Those of us who are fortunate that our parents are still with us face the issue of having to provide care for them as their ability to manage for themselves slowly fades. Despite their slow but steady loss of their abilities of independent living many are, understandably, determined to stay in their own homes. That’s when the discussion of alternatives, including homecare, becomes unavoidable for even the most independent minded folks.
Homecare provides people the advantage of staying in their homes and maintaining independence, while providing required medical care. Elderly homecare may be necessary for a variety of persons, such as those with acute injuries (hip replacement), and chronic ones (stroke). The skills required of homecare providers vary as well.
Types of Homecare Personnel
Homecare aids: Certified Nurse Assistants, or CNAs, provide assistance in bathing, feeding, hygiene, and toileting needs. They are generally useful for chronic, long-term care persons.
Registered Nurse: RNs are able to provide medications, wound dressing changes, and obtain vital signs. RNs are useful when skilled, acute care is needed.
Therapists: Physical and Occupational Therapists provide skills for speech and motor rehabilitation when acute care is needed.
The National Family Caregivers Association provides information on homecare. The first step “is to make sure you and your loved one are comfortable with the idea of someone else taking on some of the tasks that you’ve been doing by yourself.” After that, the specific tasks needed should be determined. This will help to define the type of homecare personnel needed.
Federally funded programs, insurance, and health maintenance organizations (HMOs) may or may not cover the services you require. Personal care tasks are usually not covered by private insurance or Medicare. Long-term-care insurance usually covers services required, but not all Americans have it. Unfortunately, “more often than not the costs of homecare services will have to come out of your own pocket” (NFCA).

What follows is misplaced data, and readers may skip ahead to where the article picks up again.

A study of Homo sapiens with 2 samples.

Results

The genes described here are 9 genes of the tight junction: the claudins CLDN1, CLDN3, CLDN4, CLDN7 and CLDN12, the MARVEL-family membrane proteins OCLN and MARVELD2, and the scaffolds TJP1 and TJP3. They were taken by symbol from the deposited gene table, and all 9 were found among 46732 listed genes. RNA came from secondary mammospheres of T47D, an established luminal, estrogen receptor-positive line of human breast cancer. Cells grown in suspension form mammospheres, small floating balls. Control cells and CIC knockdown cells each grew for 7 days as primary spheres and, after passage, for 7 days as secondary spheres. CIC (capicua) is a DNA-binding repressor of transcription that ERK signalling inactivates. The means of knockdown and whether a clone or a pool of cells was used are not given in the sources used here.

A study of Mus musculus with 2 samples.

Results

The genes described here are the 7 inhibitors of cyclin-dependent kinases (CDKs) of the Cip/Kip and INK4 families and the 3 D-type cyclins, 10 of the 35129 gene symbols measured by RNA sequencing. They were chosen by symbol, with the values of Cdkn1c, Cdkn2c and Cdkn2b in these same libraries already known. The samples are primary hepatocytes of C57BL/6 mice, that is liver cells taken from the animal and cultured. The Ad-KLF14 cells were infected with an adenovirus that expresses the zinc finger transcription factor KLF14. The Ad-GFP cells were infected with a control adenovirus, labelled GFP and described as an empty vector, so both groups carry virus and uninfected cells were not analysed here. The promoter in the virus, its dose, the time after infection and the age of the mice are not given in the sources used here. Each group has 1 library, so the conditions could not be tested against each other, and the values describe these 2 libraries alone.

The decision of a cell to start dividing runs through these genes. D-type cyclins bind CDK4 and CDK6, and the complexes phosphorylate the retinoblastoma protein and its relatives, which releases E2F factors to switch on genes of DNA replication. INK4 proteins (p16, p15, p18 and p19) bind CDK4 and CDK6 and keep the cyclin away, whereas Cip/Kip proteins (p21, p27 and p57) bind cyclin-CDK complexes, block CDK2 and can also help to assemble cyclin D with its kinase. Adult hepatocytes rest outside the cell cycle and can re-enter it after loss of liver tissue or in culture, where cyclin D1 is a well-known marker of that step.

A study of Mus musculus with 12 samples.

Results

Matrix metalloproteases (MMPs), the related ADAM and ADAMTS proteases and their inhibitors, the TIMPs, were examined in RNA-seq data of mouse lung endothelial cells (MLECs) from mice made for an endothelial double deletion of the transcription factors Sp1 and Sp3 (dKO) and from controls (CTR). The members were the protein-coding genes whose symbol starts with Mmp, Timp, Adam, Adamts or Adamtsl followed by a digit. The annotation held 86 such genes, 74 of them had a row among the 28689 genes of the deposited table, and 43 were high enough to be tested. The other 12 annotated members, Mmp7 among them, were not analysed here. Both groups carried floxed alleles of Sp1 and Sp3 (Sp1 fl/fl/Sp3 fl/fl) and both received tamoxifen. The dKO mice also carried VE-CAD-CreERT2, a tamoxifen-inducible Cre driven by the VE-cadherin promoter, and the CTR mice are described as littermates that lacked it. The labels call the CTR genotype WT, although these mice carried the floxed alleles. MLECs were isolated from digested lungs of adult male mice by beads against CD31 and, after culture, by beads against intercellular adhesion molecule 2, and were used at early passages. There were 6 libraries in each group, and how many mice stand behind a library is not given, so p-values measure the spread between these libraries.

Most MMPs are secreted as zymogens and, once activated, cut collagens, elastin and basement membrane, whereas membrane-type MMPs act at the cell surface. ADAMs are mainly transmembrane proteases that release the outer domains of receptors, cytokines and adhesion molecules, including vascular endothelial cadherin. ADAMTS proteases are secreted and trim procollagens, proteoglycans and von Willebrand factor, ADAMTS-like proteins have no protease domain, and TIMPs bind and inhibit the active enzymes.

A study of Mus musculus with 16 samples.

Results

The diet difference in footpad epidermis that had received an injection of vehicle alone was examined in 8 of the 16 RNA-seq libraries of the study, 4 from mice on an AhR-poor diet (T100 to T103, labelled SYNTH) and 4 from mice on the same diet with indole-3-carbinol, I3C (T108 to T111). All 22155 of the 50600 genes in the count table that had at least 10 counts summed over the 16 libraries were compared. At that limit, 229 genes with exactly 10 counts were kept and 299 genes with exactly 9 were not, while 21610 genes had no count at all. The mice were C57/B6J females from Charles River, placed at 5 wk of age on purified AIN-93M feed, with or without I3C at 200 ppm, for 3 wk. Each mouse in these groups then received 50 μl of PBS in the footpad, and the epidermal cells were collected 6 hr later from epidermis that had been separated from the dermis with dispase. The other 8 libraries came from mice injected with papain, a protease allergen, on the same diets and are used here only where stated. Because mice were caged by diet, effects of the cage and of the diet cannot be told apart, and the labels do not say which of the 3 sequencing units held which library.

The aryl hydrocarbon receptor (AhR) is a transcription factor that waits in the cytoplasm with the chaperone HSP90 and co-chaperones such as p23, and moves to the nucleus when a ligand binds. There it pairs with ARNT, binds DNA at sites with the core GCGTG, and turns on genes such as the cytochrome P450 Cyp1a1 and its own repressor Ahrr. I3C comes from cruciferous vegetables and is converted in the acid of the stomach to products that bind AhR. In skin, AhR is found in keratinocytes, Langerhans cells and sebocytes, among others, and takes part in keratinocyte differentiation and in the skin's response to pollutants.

Accreditation of Care Agencies
Some agencies may be accredited, which is a step beyond certification. Accreditation signifies conformity to national industry standards. Some well-known homecare agencies that provide accreditation are: the National League for Nursing, the Joint Committee for Accreditation of Healthcare Organizations, and the National Foundation of Hospice and Home Care.
Cost of In Home Care
Agencies vary in their costs. Visits by RNs and therapists are more valuable and costly than those by CNAs. Some agencies charge a flat fee for each visit (about $100). Some have a minimum two or four-hour fee. Rates may be from $13 to $35 an hour.
Questions to Ask the Eldercare Agency (from NFCA)
- Is the agency certified in Medicare and/or Medicaid programs? (if needed)
- How long has the agency been in business?
- Is the agency accredited by a recognized body?
- Is an initial assessment provided to determine if homecare is appropriate?
- Are the services you need provided by the agency?
- How are employees chosen and trained? Are background checks mandatory? Are caregivers given written personnel policies, benefit packages, and mal-practice insurance?
- Are emergency procedures in place?
- Are any references available from clients?